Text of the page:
What isn’t There Can Make a Big Difference

April 11, 2016 § Leave a comment

Dee Myrick filed a Complaint for Divorce against her husband, John, in 2013. The complaint was based on the fault ground HCIT. At a temporary hearing, the chancellor ordered John to pay temporary alimony.

Later, the parties withdrew fault allegations and entered into a consent for divorce on the ground of irreconcilable differences. The contested issues submitted for adjudication were: “property division including allocation of debt”; attorney’s fees; and “division of all real property.” Alimony was not mentioned.

Following a trial and rehearing motions, the chancellor divided the marital estate and awarded Dee $600 a month in periodic alimony. John appealed the award of alimony.

In Myrick v. Myrick, decided February 23, 2016, the COA reversed on the issue of alimony and remanded. Judge Barnes wrote for the court:

¶17. Mississippi statutory law specifically lays out the procedure for a divorce on the ground of irreconcilable differences. Parties may consent to the divorce and submit to the trial court any unresolved issues:

If the parties are unable to agree upon adequate and sufficient provisions for the custody and maintenance of any children of that marriage or any property rights between them, they may consent to a divorce on the ground of irreconcilable differences and permit the court to decide the issues upon which they cannot agree. Such consent must be in writing, signed by both parties personally, must state that the parties voluntarily consent to permit the court to decide such issues, which shall be specifically set forth in such consent, and that the parties understand that the decision of the court shall be a binding and lawful judgment.

Miss. Code Ann. § 93-5-2(3) (Rev. 2013) (emphasis added). “Divorce in Mississippi is a creature of statute,” and the parties must strictly adhere to the statutory mandates of irreconcilable-differences divorce. Engel v. Engel, 920 So. 2d 505, 510 (¶17) (Miss. Ct.App. 2006) (quoting Massingill v. Massingill, 594 So. 2d 1173, 1175 (Miss. 1992)). “The language of [s]ection 93-5-2(3) is clear. A chancellor may decide contested issues in a divorce based upon irreconcilable differences. However, he is limited to the resolution of those issues specifically identified and personally agreed to in writing by the parties.” Wideman v. Wideman, 909 So. 2d 140, 146 (¶22) (Miss. Ct. App. 2005).

¶18. Dee initially petitioned the court for a divorce on the basis of habitual cruel and inhuman treatment, uncondoned adultery, or, in the alternative, irreconcilable  differences. She requested “temporary relief” of a “reasonable sum” for monthly alimony. In November 2013, the chancellor issued a temporary order, ordering Ken to “contribute” $800 a month to Dee in lieu of the house payment.

¶19. In February 2014, Dee and Ken signed a consent agreement to an irreconcilable differences divorce. It listed matters the chancellor should decide as “property division, including allocation of debt”; attorney’s fees; and “division of all real property.” No mention was made of alimony. The chancellor granted Dee and Ken’s motion to dismiss fault grounds. The chancellor had, however, ordered the temporary relief of alimony when the divorce sought was based on fault grounds, rather than irreconcilable differences.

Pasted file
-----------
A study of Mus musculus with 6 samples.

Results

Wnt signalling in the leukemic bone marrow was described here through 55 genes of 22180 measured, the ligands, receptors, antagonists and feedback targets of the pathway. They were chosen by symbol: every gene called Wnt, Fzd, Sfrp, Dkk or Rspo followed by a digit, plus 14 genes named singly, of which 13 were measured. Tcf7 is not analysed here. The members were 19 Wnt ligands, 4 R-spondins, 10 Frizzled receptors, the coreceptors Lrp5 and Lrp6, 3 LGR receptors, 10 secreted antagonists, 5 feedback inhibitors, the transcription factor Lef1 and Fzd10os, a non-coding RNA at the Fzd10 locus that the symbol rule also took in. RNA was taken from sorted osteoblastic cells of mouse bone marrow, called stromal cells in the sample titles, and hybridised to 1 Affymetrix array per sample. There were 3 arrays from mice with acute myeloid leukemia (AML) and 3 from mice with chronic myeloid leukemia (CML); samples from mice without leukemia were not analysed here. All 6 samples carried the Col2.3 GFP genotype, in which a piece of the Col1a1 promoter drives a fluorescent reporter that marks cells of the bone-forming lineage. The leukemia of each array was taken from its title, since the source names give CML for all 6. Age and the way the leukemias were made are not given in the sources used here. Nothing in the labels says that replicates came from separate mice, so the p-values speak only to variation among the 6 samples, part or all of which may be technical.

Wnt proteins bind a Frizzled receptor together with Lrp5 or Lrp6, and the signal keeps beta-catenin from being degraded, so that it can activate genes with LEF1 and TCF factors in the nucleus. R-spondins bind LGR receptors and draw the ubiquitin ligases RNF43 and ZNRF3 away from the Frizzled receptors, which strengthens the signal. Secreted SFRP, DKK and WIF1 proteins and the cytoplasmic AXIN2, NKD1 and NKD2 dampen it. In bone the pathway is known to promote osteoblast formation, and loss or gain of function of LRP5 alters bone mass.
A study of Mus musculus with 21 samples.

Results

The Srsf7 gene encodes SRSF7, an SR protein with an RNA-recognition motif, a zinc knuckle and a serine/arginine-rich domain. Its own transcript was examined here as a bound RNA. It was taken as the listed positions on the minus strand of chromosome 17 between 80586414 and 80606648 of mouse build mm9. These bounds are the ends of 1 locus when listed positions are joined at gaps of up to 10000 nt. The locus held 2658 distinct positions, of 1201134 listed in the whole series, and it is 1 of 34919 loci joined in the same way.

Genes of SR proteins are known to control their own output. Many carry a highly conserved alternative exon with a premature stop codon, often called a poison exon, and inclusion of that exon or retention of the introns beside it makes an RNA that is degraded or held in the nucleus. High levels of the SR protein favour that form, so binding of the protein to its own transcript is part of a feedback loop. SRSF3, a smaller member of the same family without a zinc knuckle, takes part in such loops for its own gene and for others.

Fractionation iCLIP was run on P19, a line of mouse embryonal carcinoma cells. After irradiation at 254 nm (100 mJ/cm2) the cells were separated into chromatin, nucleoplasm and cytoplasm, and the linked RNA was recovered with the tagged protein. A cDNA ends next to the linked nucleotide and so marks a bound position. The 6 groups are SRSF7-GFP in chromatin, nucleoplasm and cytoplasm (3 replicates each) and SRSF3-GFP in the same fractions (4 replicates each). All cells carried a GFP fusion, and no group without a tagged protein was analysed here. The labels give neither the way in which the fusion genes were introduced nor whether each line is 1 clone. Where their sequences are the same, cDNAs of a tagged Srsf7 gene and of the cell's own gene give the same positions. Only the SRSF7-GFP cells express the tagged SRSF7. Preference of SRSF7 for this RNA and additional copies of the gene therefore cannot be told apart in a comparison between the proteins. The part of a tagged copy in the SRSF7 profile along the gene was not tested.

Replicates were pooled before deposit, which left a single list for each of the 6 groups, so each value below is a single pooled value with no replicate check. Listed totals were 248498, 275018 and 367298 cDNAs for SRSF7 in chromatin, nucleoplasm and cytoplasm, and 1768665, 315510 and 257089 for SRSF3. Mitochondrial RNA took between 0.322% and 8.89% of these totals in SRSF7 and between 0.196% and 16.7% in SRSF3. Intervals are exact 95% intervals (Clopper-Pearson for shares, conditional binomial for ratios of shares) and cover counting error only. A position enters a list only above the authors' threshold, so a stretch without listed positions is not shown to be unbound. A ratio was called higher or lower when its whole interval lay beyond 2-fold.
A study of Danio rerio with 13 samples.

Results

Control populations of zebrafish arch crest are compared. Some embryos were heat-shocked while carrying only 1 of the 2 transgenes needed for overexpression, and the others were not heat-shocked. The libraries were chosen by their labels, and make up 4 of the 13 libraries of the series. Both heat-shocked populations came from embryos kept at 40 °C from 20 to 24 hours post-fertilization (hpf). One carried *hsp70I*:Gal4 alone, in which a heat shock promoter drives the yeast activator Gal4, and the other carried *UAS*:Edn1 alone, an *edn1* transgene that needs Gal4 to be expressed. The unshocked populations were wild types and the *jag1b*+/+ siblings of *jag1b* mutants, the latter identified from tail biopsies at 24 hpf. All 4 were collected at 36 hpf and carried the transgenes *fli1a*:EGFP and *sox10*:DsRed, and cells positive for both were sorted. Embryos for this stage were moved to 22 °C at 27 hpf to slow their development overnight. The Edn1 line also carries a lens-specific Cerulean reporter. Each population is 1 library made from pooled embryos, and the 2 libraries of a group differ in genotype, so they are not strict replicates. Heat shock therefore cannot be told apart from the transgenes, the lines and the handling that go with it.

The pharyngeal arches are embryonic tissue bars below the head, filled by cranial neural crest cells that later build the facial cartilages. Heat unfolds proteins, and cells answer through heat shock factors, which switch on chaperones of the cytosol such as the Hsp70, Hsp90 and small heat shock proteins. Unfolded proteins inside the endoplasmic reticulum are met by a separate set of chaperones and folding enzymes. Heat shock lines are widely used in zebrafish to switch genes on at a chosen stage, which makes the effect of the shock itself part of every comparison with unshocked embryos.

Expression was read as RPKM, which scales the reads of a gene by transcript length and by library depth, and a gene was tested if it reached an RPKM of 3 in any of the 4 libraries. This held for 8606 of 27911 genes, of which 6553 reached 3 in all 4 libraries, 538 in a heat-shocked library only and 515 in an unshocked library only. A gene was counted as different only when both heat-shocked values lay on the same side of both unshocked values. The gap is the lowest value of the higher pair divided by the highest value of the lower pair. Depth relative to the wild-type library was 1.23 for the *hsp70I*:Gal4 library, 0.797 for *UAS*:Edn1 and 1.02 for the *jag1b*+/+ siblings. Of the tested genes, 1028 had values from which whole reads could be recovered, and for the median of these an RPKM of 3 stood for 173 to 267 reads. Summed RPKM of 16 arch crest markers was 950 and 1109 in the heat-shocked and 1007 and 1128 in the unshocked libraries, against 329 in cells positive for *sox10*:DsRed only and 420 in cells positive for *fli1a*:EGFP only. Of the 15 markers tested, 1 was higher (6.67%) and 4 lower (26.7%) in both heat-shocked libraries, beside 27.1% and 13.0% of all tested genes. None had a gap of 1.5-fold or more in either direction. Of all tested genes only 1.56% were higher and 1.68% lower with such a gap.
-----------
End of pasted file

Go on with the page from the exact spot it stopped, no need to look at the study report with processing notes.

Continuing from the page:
¶20. In Engel, this Court reversed the chancery court’s judgment in an irreconcilable differences-divorce case because the consent failed to comply with required statutory language, and the parties failed to set forth with specificity the issues to be decided by the court, even though the appellant suffered no prejudice. Engel, 920 So. 2d at 509 (¶¶14, 16). Here, the parties did not specify alimony as an issue to be decided by the chancellor; so he cannot now award it.

¶21. Ken cites to Wideman, 909 So. 2d 140, and Gordon v. Gordon, 126 So. 3d 922 (Miss. Ct. App. 2013), for support. In Wideman, this Court affirmed a chancellor’s refusal to consider an award of attorney’s fees in a divorce action where the parties did not include this issue in their consent agreement. Wideman, 909 So. 2d at 145-46 (¶22). Likewise, in Gordon, this Court affirmed the chancellor’s refusal to hear issues of child custody, support, and equitable distribution because the parties stated in their consent agreement the only issue the chancellor had to resolve was related to misappropriation of funds. Gordon, 126 So. 3d at 926 (¶12).

¶22. Dee argues, and the separate opinion agrees, that alimony is an integral part of “property division” analysis, and is therefore proper here, citing the Ferguson factor regarding “the extent to which distribution can eliminate future periodic payments.” Ferguson, 639 So. 2d at 925. However, in an irreconcilable-differences divorce, the statute is clear that the resolution of all issues must be specifically set forth in the consent agreement. The court’s award of periodic alimony was without authority and must be reversed.

The court remanded rather than render for Ken because the chancellor had originally ordered Ken to pay Dee lump-sum alimony “based on need.” The COA instructed that, on remand, the chancellor was to clarify whether the lump-sum alimony was part of property division, which could be reinstated, or was alimony, which could not.

It makes perfect sense that, if something is left out of a negotiated agreement such as a consent, it should be assumed that its omission came about as a result of negotiation. The statute requires that all contested issues be clearly set forth. If you leave something out, unless the other side agrees to let it in, you won’t be able to get it in.